In their years of trying to build a modern home in Washington D.C., architect Jordan Goldstein and his wife, Laurie, encountered ruthless bidding wars, restrictive zoning laws, and tiny lots. Then they looked beyond the Beltway. “Both my wife and I felt we should find a raw piece of land so we can start from scratch instead of dealing with constraints and existing infrastructure,” Goldstein explains.
The Goldsteins discovered 23 acres of former farmland in Rappahannock County, Virginia, enveloped by rolling hills and forests. “The second we pulled up to the property, the first words out of my daughter’s mouth were, ‘This is awesome,’” Goldstein recalls.
The managing director and principal at the Washington D.C. outpost of Gensler, an international multidisciplinary design and architecture firm, Goldstein had fond childhood memories of spending time at his parents’ cozy Hidden Valley, Pennsylvania, retreat. “There were bedrooms, but everyone always hung out in one room and it was the kitchen, it was the dining room, it was the living room, it was the family room,” he says. “I wanted to modernize that experience but have a similar kind of sensation, with everyone being together in one room, surrounded by beautiful scenery.”
The 3,200-square-foot house offers plenty of space for Goldstein, Laurie, and their two daughters, Sari, nine, and Alexa, 13. Goldstein oriented the structure to the west to capture afternoon sun. The master suite is on one side of the living area and the two kids’ rooms on the other. A guest room and a media room occupy the basement level.
As striking as the house is—a boxy, white outcropping in a verdant field—it’s the invisible features that make it stand out. Goldstein installed a fleet of tech products to increase energy efficiency, offer peace of mind, and help the family enjoy the house more. “Connectivity was a driver when we set out to do this,” he says. “To have greater connectivity as a family, and then connectivity to the land.”
Technology allowed Goldstein to better understand the building itself, too—how its systems performed and how secure it was. “If I’m aware of my energy use, I can actually do something about it,” he says. “If I’m able to have a level of audio-visual control that’s easy to use, that is very fluid, then I have more ability to affect the ambiance.”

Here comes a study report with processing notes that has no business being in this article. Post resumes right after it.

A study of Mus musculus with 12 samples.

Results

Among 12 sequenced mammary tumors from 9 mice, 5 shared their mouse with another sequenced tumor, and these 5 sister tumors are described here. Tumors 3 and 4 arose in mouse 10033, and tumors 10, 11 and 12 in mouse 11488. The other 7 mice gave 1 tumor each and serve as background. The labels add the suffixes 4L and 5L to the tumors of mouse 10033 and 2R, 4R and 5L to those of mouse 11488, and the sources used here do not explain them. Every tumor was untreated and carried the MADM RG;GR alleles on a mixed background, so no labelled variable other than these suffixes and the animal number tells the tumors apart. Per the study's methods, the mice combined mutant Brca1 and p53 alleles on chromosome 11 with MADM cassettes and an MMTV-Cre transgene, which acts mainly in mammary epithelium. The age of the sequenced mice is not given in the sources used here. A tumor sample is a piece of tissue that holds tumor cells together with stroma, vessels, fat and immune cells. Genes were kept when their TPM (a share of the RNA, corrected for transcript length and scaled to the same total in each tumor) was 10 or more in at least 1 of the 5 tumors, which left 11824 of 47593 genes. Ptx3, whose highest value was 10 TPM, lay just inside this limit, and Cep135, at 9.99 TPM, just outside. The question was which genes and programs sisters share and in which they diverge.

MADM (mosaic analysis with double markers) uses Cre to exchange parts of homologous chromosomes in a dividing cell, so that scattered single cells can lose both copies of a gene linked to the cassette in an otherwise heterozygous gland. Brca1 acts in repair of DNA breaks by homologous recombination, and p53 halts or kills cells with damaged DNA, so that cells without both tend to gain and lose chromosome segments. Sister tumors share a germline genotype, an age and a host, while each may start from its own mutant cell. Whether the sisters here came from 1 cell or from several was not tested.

Goldstein advocates discussing technology goals early on in the planning process. He and his wife prioritized seamless integration with the design. They also wanted the house to operate itself when the family is away. For example, the furnace turns off if it starts to operate inconsistently; a fire-suppression system recessed into the ceiling turns on automatically if it detects excess heat and smoke.
Having reliable Internet service in a rural area was a challenge, so Goldstein factored that into his decision making. “It’s not like I can plug in FiOS because Verizon doesn’t run cable this far out,” he says. He discovered a home security company called SimpliSafe, which operates from a cellular network. From his mobile phone, Goldstein can monitor temperature, carbon-monoxide levels, smoke, and flood status (for leaks). All of the devices in the home communicate over a Local Area Network, a difficult system to penetrate and an extra layer of security for the family.
“I can’t be there all the time, so how do I keep an eye on things and how do I, even when I’m there, still have the ability to understand what’s going on in different parts of the property?” he says.
Because of his work as a commercial architect at a prominent firm, Goldstein is often privy to new product announcements. “I approached this as, let’s not just look at the residential items out there,” he says. “Let’s throw commercial products into the mix and develop a palette that feels right for this house.” He was familiar with Lutron and, after learning about the Caséta system before it officially came on the market, specified the wireless dimmer system to control the LED lighting—set to a warm color temperature.
Goldstein researched both the Honeywell and Nest programmable thermostats, but preferred the latter because of its interface. The television is recessed into the living room wall and attached to a pivoting wall-mounted bracket so people in the kitchen can view what’s on the screen. Security cameras, with white housing virtually indistinguishable from the structure itself, help the Goldsteins keep an eye on things outside. An Apple AirPlay–based system provides audio throughout the property.
“It’s about creating great architecture or a great experience that matches with your lifestyle,” Goldstein says. “We wanted a modern house that would be a gathering point for our family, a place to celebrate the property. The technology that we chose to integrate affords us the ability to do that with ease.”
Knowing that technology changes rapidly, Goldstein housed many of the control units in a feature he calls “the Brain.” About four feet tall and enclosed in glass, the niche is easily accessible. “I was concerned with inflexibility in the design—where changes require a hard construction project versus a do-it-yourself task,” he says. “If I ever need to swap something out, it’s easy.”
The way Goldstein mapped out the structure’s orientation demonstrates how modern devices factored into the home from the outset. After completing the drawings, he met his contractor on the lot and, with an iPhone and string in tow, outlined where the house should go. “Who would’ve thought a compass app would be used for landing a house?” he says. “Talk about technology driving design.”